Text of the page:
AsianScientist (Nov. 28, 2016) – Researchers at the Institute of Automation of the Chinese Academy of Sciences have developed a swimming robot that can mimic dolphin leaps. Their research has been published in the IEEE/ASME Transactions on Mechatronics.
Dolphins are the aquatic acrobats of the natural world, capable of leaping up to several meters in the air and executing swift turns. Professor Yu Junzhi and his team modeled their robot after the spotted dolphin, paying particular attention to streamlining and developing a high thrust tail.
The main load-bearing parts of the skeleton are made of titanium while other parts are made of aluminum, copper and nylon. As for electronics, the dolphin robot is equipped with a microcontroller with high computational performance, a variety of onboard sensors and a wireless communication module.
Building the hardware was only part of the challenge; the other half was modeling and calculating the speeds and angles needed for recreating the dolphin’s leap. To solve this problem, the research team proposed a novel angle of attack theory to maximize the pushing speed. The robot was controlled with a hybrid propulsion system and complementary flippers.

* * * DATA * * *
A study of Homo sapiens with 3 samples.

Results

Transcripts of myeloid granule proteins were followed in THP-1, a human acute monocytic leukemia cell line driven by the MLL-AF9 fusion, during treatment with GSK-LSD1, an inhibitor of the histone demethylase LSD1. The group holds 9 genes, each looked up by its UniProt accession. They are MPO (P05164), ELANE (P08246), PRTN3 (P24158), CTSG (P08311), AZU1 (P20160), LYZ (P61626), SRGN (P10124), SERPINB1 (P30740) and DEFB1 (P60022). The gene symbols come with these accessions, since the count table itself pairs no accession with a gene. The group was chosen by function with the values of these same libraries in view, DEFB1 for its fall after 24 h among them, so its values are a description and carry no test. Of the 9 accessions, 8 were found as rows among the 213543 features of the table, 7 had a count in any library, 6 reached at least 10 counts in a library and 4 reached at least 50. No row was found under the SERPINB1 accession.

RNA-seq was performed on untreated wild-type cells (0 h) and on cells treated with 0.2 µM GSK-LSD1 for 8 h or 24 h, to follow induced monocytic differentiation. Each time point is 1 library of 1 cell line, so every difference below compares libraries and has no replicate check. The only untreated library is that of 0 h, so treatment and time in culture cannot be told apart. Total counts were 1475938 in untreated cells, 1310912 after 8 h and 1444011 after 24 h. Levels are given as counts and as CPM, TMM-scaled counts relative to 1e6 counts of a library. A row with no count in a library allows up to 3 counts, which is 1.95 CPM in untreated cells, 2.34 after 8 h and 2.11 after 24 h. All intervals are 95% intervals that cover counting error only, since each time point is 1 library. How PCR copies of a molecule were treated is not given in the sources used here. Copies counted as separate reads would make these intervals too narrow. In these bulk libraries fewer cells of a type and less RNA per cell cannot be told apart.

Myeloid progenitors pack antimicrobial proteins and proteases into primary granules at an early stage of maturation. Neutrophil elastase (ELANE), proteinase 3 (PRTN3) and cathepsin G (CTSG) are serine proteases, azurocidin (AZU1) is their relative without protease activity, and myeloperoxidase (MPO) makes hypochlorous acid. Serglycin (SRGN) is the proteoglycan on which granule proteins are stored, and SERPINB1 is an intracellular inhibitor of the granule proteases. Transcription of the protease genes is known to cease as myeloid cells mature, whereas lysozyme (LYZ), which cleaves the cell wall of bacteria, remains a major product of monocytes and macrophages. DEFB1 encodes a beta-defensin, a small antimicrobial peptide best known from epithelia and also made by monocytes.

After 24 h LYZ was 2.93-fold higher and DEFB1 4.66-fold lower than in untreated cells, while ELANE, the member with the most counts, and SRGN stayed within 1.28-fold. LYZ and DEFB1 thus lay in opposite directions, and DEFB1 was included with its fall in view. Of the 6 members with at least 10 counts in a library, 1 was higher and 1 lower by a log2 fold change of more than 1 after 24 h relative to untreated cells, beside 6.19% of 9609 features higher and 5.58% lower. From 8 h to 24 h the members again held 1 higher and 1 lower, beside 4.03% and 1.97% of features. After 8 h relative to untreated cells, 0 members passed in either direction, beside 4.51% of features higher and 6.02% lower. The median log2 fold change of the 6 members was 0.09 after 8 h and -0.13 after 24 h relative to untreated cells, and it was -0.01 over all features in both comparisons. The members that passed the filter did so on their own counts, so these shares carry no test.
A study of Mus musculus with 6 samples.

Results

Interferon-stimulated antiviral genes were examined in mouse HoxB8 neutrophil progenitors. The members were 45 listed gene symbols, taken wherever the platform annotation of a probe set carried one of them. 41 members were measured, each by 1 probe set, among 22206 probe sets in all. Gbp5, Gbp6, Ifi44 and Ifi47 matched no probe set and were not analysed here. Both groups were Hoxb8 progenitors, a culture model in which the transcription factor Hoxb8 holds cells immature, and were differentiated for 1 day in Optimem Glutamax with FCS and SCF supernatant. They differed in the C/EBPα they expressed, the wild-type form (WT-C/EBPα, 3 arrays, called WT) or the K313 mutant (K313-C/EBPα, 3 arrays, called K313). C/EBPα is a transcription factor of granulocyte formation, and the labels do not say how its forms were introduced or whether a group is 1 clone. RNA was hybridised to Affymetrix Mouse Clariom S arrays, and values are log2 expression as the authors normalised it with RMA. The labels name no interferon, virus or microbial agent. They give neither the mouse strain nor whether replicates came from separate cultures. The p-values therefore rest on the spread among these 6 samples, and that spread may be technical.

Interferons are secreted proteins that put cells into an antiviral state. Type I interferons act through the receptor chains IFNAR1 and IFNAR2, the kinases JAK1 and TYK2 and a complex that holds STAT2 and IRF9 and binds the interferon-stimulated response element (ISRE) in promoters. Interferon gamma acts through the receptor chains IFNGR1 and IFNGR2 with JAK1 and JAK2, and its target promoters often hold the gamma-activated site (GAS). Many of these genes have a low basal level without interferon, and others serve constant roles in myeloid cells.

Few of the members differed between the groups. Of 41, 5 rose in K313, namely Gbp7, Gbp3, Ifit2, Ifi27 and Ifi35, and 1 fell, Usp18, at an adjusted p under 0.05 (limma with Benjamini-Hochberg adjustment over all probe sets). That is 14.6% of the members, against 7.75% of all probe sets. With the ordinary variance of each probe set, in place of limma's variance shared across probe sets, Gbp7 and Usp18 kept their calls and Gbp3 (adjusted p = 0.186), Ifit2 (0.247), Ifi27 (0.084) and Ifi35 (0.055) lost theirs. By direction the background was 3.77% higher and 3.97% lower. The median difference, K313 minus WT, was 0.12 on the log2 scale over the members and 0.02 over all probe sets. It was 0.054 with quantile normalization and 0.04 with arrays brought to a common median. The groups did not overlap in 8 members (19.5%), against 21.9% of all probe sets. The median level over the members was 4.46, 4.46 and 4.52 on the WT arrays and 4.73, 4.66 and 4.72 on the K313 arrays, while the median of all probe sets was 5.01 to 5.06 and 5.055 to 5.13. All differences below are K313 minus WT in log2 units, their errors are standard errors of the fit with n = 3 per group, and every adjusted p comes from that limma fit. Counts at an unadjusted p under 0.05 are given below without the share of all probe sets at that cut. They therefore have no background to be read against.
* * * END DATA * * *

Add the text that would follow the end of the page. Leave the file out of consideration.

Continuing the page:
In a swimming test held at the Qinhai Trangu Reservoir, the dolphin robot reached a speed of 2.1 m/s, making it one of the fastest swimmers for its size ever built. The robot also performed several kinds of dolphin leaps, such as the one-shot leap and serial leaps. In addition, the robot was used to acquire data of water quality parameters such as pH value, temperature, electric conductivity.
According to Yu, their next stage of research will focus on investigating energy expenditure to examine the power-speed relationship in dolphin movement. The team is also working on increasing the jumping distance and height by improving mechanical design and control approaches.
The article can be found at: Yu et al. (2016) Development of a Fast-Swimming Dolphin Robot Capable of Leaping.
Source: Chinese Academy of Sciences.